Nicholas Grace, Ayan Salah, Ellen Frierson
I remember when I was child that whenever I did something wrong, my parents knew about it. I would often attempt to lie my way out of potential punishment, thinking that I could get off Scott Free. To my dissatisfaction, I would always find myself in more trouble because my parents would discover that I was lying; in turn, they would punish me for my dishonesty. During the conversations in which I was more honest, punishment would usually be minimal. In addition to the lesser punishment impressed upon me; a sense of relief would wash over me, as I had nothing to hide.
Coming to Egypt, I never realized the true repercussions of dishonesty. During the Egyptian elections, the people were torn by the dishonesty of the candidates. For example, opponents of Shawfiq claimed that the former Prime Minister would not execute democratic policies because of his connections to the past, very dishonest, and corrupt, Mubarak regime. On the contrary, even though the Muslim Brotherhood had exclaimed its opposition to imposing strict Shari’a law, many Egyptians were skeptical of the Brotherhood’s veracity.
Thus, one may ask where does all this dishonesty come from? Is it rooted from the personalities of individual candidates themselves? To the best of my knowledge, such is not the case. I believe that the overwhelming sense of distrust stems from the Mubarak regime; it accepted copious amount of bribes and promised to implements reforms that were never executed. Forced to employ faith in fallacies, Egyptians were never able to experience the true values of freedom and economic success.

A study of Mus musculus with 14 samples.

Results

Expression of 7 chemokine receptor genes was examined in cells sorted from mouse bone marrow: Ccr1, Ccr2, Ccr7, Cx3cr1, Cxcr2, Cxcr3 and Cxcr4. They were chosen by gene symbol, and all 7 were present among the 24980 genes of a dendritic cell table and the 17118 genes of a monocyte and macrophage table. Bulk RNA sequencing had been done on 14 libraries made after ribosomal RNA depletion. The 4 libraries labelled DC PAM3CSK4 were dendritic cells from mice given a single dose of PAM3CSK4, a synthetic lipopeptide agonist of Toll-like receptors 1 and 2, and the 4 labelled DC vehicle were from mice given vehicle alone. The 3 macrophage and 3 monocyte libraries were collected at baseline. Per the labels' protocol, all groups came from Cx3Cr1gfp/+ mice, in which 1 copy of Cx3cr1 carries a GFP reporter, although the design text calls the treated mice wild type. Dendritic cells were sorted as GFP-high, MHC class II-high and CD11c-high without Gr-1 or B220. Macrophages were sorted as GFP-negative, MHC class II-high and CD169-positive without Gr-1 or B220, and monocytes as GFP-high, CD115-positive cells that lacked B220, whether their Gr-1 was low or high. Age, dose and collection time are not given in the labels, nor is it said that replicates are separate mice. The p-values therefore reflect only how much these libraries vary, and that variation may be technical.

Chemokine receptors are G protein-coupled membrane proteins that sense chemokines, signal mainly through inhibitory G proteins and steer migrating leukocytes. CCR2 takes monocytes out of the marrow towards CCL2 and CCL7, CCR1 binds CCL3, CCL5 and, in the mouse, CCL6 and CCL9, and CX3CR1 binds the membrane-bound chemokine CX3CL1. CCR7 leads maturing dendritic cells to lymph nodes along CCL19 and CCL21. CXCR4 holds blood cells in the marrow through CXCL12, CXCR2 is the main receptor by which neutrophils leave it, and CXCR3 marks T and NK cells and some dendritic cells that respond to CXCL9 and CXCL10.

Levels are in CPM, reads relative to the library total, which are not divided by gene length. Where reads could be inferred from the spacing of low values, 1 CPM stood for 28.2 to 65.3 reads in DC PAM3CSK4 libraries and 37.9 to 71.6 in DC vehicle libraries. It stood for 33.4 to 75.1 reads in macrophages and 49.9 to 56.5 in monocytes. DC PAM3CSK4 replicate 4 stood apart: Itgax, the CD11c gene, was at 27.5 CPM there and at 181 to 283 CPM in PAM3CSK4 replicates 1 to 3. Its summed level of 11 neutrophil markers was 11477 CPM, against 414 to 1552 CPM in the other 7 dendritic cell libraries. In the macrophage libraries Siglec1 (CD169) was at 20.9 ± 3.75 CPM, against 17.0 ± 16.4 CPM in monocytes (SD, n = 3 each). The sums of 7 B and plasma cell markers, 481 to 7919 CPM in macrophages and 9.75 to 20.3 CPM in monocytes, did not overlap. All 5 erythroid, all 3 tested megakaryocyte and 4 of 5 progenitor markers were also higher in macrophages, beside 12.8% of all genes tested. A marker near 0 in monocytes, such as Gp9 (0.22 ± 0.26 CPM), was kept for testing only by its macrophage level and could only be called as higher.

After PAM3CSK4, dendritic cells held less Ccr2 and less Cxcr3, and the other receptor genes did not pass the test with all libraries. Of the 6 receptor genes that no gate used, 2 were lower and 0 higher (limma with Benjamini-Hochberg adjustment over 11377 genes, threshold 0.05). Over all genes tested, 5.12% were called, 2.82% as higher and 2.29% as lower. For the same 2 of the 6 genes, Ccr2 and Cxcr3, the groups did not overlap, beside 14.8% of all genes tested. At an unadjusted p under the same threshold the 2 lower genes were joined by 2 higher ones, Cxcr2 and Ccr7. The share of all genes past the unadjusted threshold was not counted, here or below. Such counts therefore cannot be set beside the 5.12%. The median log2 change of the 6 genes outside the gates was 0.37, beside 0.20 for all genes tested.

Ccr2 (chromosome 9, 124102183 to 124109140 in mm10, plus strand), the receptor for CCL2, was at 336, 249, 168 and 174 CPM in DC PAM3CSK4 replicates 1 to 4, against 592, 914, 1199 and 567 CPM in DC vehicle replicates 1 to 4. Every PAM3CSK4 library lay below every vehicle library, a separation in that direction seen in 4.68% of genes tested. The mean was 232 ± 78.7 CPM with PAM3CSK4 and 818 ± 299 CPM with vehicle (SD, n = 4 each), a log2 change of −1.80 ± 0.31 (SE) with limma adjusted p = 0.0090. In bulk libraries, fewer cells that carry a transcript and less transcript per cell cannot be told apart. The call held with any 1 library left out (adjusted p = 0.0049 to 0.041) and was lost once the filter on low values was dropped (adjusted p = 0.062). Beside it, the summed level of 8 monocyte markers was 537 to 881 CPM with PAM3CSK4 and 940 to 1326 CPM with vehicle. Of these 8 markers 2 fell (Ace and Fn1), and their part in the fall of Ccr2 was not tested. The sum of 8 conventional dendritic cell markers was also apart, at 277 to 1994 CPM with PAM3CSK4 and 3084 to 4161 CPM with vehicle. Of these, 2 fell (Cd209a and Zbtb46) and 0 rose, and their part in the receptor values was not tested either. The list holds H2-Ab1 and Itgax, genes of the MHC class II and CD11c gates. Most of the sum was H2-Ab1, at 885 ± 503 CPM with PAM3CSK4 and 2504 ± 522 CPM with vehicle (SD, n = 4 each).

Now that the elections have occurred, such distrust has created a broken system, one that draws people to opposite ends–unable to accept the opposing opinion as valid, let alone veracious. Democracy is reliant upon the ability to at the minimum listen to opposing positions. In a functioning democracy such as that of the United States, American citizens go to the polls with the precondition of, if such is the result, accepting electoral defeat. They trust the fact that, despite the difference of opinion, the political opposition will uphold the democratic values pertinent to the nation’s constitution.
The future in Egypt is unsure. We do not know if the losing candidate and his supporters will accept the newly elected Muslim Brotherhood (MB). This rejection would not be because of the difference of political opinions, but rather the distrust of the opposition towards the MB to uphold the democratic values instilled in Egypt’s constitution. In order to have an efficient and true democratic system, people must be honest with each other and at the least acknowledge our opponent’s opinions. Unless these precondition are not met, the disease of mistrust will prohibit change and progress towards a fair and democratic system.